Destiny's white face and my black son
Long blond hair and height like a model's, she stood on my front porch to ask for a name I recognized as both my husband's and first-born son's.
Struck by her good looks, I made sure she wasn't searching for the older model. "Which one?" I asked.
She laughed. "The one in middle school."
As the protective mother of a young black male, I found little comfort in her name: Destiny. My uncertain teenager tipped-toed up behind me to find out his schoolmate's bold mission - especially one that would reveal the attraction. After their brief conversation, the dangerous female cheetah left my porch.
"Who is Destiny?"
My smart-aleck son defended himself: "Mom, whoa, I know what you're going to say. 'Didn't I tell you to never come home with anything lighter than me?' " I denied the remark was anything but whimsical jargon. Truth be told, it was more serious.
White girls, historically speaking, can be trouble. I'm not the first worried black mother to warn a trusting son against interracial relationships that can start for the wrong reason. Not everyone is as open-minded about my son's smooth mahogany complexion as Destiny. Friends have shared horror stories about how their sons were approached with one face that disguised the shallow motives of another.
I soon realized that my sincere message was aimed at the wrong audience. Frustrated white parents need to understand the burgeoning interest in a hip-hop culture that is totally foreign to them. If more white people had a clue about young black men - their language, their dress, their music, and the fact that most are well-raised and law-abiding - overzealous police wouldn't treat my child like a suspicious person.
Smart black mothers have little choice but to teach their sons, especially athletes, that special treatment by girls is sometimes connected to awesome physical ability. Other times, these boys are pawns in a game of challenge. One honest 16-year-old girl in a teen flick summed up her ideal graduation gift from Daddy - "the white Trans Am with the black football player."
For decades, white beauty has been the ultimate prize a man of any color could achieve as his reward for success. Mainstream media have glamorized interracial dating, portraying black men's supposedly endless obsession with white women.
As a little colored girl, I was constantly knocked for my thick lips, nappy hair, and peanut-butter-colored skin. I found few faces like mine in the media. The message I heard over and over was "not white, not right."
White girls in school never cared how I felt. So forgive black mothers like me who find it hard to be totally comfortable that my former classmates' daughters now marry our sons in record numbers. Or vice versa. Too bad many people who so willingly explore interracial dating have almost no friends among different races.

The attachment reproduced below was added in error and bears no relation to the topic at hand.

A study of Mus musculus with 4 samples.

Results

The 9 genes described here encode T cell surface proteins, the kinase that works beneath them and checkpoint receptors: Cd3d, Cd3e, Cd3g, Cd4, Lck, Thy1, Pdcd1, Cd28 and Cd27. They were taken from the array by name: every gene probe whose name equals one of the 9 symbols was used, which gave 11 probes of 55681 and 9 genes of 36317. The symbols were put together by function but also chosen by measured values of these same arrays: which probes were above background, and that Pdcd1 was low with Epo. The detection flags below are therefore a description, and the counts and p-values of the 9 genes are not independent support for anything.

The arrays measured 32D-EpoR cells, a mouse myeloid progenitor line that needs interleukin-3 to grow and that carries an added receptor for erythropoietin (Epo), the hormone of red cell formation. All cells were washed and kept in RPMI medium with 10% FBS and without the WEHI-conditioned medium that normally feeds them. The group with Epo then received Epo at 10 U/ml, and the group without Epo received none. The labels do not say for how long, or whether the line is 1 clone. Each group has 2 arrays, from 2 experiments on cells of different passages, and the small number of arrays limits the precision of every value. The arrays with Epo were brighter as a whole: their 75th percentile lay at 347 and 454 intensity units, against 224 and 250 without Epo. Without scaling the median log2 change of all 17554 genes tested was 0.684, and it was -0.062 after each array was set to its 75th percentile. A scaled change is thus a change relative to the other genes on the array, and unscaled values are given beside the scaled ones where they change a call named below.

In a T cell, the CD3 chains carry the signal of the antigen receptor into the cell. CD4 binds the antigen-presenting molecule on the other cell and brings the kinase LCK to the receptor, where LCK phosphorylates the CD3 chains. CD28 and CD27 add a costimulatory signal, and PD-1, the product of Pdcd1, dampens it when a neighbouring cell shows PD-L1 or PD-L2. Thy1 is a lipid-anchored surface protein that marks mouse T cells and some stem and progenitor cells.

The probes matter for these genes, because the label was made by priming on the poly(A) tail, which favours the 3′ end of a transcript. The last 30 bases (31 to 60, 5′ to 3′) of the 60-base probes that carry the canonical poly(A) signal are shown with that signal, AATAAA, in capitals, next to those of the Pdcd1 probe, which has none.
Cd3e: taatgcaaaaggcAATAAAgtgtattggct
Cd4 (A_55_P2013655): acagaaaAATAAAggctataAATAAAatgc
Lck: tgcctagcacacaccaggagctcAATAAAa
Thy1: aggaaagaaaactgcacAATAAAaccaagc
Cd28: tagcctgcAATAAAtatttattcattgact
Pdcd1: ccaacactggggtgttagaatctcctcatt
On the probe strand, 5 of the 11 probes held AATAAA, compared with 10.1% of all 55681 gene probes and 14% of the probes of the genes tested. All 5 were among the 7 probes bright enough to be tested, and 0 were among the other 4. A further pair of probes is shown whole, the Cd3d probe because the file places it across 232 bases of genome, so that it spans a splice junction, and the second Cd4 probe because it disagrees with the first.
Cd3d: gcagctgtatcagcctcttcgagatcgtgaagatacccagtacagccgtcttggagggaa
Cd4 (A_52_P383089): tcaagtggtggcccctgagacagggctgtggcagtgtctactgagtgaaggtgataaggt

I'd like to see my son date any girl he chooses because he finds her compatible - not because he's bombarded with messages that her race can open doors. "Driving while black" in a Mercedes takes on new meaning with a white girl in the front seat.
When my shrewd son dated a girl of mixed parentage who could almost pass for white, he jokingly threw my words back at me, "Well, Mom, she is lighter than you, but technically, she's black."
Being with the wrong person of any color can hurt enough without the added stress of a different race, which still gets a lot of negative attention in these supposedly colorblind days. If Americans are honest, none of us is colorblind. A black man with a white woman - especially an attractive one - is still the catalyst for unspoken stereotypes. Images of black male prowess kick in. One rarely thinks of how compatible the couple might be.
Today, I've grown beyond some old-school racial boundaries. Instead of telling my son not to come home with "anything lighter than me," I simply advise him to avoid racial profiling in relationships. I don't want his beautiful black skin to serve as a magnet for exploitation. Nor do I want to see any mother's daughter stripped of her dignity because she mistakenly defines a man by the myths that surround him.
Unsure what type of woman my son will fall in love with or marry, I must set the standard for what a real woman, black or white, is made of. A stranger on the car radio reminded me of that recently. Stuck in thick traffic, I heard a minister's passionate discourse: "Would Your Son Marry You?" The voice boomed: "Are you setting the example that you are the kind of woman your son will want to marry?"
The boy Destiny looked for that day is no longer in middle school. But I'm not the same person either, as life lessons shape me into the kind of woman with whom he can find true happiness.
Joyce King is a veteran journalist and mother of two sons. Her first book will be published next year.